Background


Reducing the weight of components and assemblies is often crucial in high-performance applications. In motorsport, it can provide a competitive edge, in aerospace and automotive industries it saves fuel, and in robotics, reducing the weight of the EOAT (end of arm tooling) can enhance speed and precision.


Additive Manufacturing, commonly known as 3D Printing, is an ideal candidate for aiding in weight reduction. Its level of design freedom surpasses many other processes, allowing for unique ways to remove material from designs.




Hollowing


Hollowing a part is the most common and straightforward method of reducing weight. Most parts are hollowed with a basic constant wall thickness, but it is also possible to have thicker walls or internal supports in specific locations to increase strength.


It is important to note that for hollow parts printed with powder bed processes such as MJF (Multi Jet Fusion) or SLS (Selective Laser Sintering), there will always be trapped powder inside the part. Although the weight will be reduced as the density of unfused powder is lower than fused material, to truly optimise the part, consider adding powder drain holes.




A series of cubes showing one solid, one hollow, another hollow but with a hole to drain the powder from and finally a shelled one.



Hollowing can also be combined with internal lattices to increase the part's strength, which is discussed further below.

For more info about hollowing & powder drain holes see the ''Wall Thickness & Hollow Parts'' section of our MJF ordering guide:



Shelling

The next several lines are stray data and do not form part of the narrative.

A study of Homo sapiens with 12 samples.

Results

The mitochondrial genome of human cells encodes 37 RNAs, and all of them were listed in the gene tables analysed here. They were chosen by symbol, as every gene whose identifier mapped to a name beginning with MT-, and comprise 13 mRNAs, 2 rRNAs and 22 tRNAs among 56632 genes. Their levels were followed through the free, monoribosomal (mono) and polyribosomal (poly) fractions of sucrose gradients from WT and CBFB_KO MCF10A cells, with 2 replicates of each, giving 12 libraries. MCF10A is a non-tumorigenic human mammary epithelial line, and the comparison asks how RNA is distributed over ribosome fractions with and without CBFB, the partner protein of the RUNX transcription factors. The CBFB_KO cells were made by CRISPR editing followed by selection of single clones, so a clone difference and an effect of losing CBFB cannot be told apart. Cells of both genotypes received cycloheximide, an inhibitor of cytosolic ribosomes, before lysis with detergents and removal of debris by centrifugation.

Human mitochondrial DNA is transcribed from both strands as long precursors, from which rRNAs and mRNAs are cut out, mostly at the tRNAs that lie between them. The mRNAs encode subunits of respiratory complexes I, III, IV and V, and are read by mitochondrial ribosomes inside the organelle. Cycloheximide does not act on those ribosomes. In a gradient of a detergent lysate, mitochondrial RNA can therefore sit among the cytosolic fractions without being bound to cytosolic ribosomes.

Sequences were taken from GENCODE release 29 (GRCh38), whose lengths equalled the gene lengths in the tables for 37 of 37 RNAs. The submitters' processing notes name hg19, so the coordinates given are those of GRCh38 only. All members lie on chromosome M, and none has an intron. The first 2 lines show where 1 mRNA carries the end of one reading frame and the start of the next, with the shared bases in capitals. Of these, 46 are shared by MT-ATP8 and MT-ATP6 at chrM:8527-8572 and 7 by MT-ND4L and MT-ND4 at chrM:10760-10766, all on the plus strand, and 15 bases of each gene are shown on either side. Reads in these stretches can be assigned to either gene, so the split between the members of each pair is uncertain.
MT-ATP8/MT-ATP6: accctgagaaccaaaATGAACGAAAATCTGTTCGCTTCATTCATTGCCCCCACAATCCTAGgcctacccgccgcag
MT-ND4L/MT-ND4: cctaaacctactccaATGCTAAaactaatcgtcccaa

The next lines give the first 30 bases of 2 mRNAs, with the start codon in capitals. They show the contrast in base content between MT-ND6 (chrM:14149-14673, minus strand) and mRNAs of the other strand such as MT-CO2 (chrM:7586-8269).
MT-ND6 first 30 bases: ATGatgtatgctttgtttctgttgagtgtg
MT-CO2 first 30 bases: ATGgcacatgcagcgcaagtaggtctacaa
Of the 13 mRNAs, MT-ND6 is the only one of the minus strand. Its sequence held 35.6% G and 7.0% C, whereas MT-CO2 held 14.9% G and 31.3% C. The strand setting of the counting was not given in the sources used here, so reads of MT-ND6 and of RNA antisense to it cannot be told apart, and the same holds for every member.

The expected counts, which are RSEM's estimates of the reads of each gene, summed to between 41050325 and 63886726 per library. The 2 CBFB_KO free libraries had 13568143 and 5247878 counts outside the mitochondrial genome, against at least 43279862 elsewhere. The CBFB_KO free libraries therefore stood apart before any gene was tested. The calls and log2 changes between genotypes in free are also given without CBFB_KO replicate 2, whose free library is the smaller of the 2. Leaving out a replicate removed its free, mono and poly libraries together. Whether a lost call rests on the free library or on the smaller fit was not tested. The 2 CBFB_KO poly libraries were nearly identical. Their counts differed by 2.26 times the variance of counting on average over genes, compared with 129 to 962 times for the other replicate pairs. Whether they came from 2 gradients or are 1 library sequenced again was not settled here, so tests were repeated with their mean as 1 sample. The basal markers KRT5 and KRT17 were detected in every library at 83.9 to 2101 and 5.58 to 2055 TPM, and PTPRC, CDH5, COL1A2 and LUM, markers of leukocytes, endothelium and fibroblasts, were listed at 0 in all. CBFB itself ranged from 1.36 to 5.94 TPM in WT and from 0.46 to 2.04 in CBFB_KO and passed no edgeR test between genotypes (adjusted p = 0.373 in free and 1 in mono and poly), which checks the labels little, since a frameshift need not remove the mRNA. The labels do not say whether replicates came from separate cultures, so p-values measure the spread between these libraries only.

Shelling is similar to hollowing, except one or more walls are removed. This method is akin to techniques used in moulding or machining. Like hollowing, the part can have thicker walls or internal supports in chosen locations to optimise strength.




Lattices


Replacing sections of the part with lattices reduces weight. Sometimes, lattices are used alongside hollowing, so the inside of the part is replaced with a lattice structure.

A key advantage of MJF over SLS or SLA is that adding a lattice does not increase print time, as there is no laser tracing the shape.



A bracket part with a green gyroid lattice inside it.


Infill Density (for FDM Printing)


Most parts printed with FDM will have an infill pattern. The simplest way to reduce the weight of an FDM part is to lower this infill density, usually expressed as a percentage.

There are various infill patterns available, some offering higher strength while others are faster to print. If weight is your main concern, let us know when we provide a quote, and we can recommend the best parameters to use.



Two 3D printed brackets shown in CAD with a more dense orange infill pattern on the one on the right.


Topology Optimisation


Topology optimisation is the most complex method on this list. In this approach, a computer algorithm determines where to add material within a given design space to meet the part's performance requirements.

There are numerous programs with this feature, with Fusion 360 being one of the most common. We also have an in-house licence for nTopology.



A topology optimised bracket


Material Density


An obvious way to save weight is by switching to a material with a lower density. The final part density is included on the HP datasheet for each material we offer in MJF printing.


For example, PA11 has a slightly higher density than PA12, so if weight is your primary concern, PA12 might be the better option.


However, material density needs to be considered alongside other material properties. A less dense material might seem preferable, but if it is significantly weaker, your part may require thicker walls to compensate. These thicker walls could negate the weight savings of choosing that material.




Conclusion


Whichever weight-saving technique you choose to deploy, we are available to offer design advice alongside our 3D Printing Services.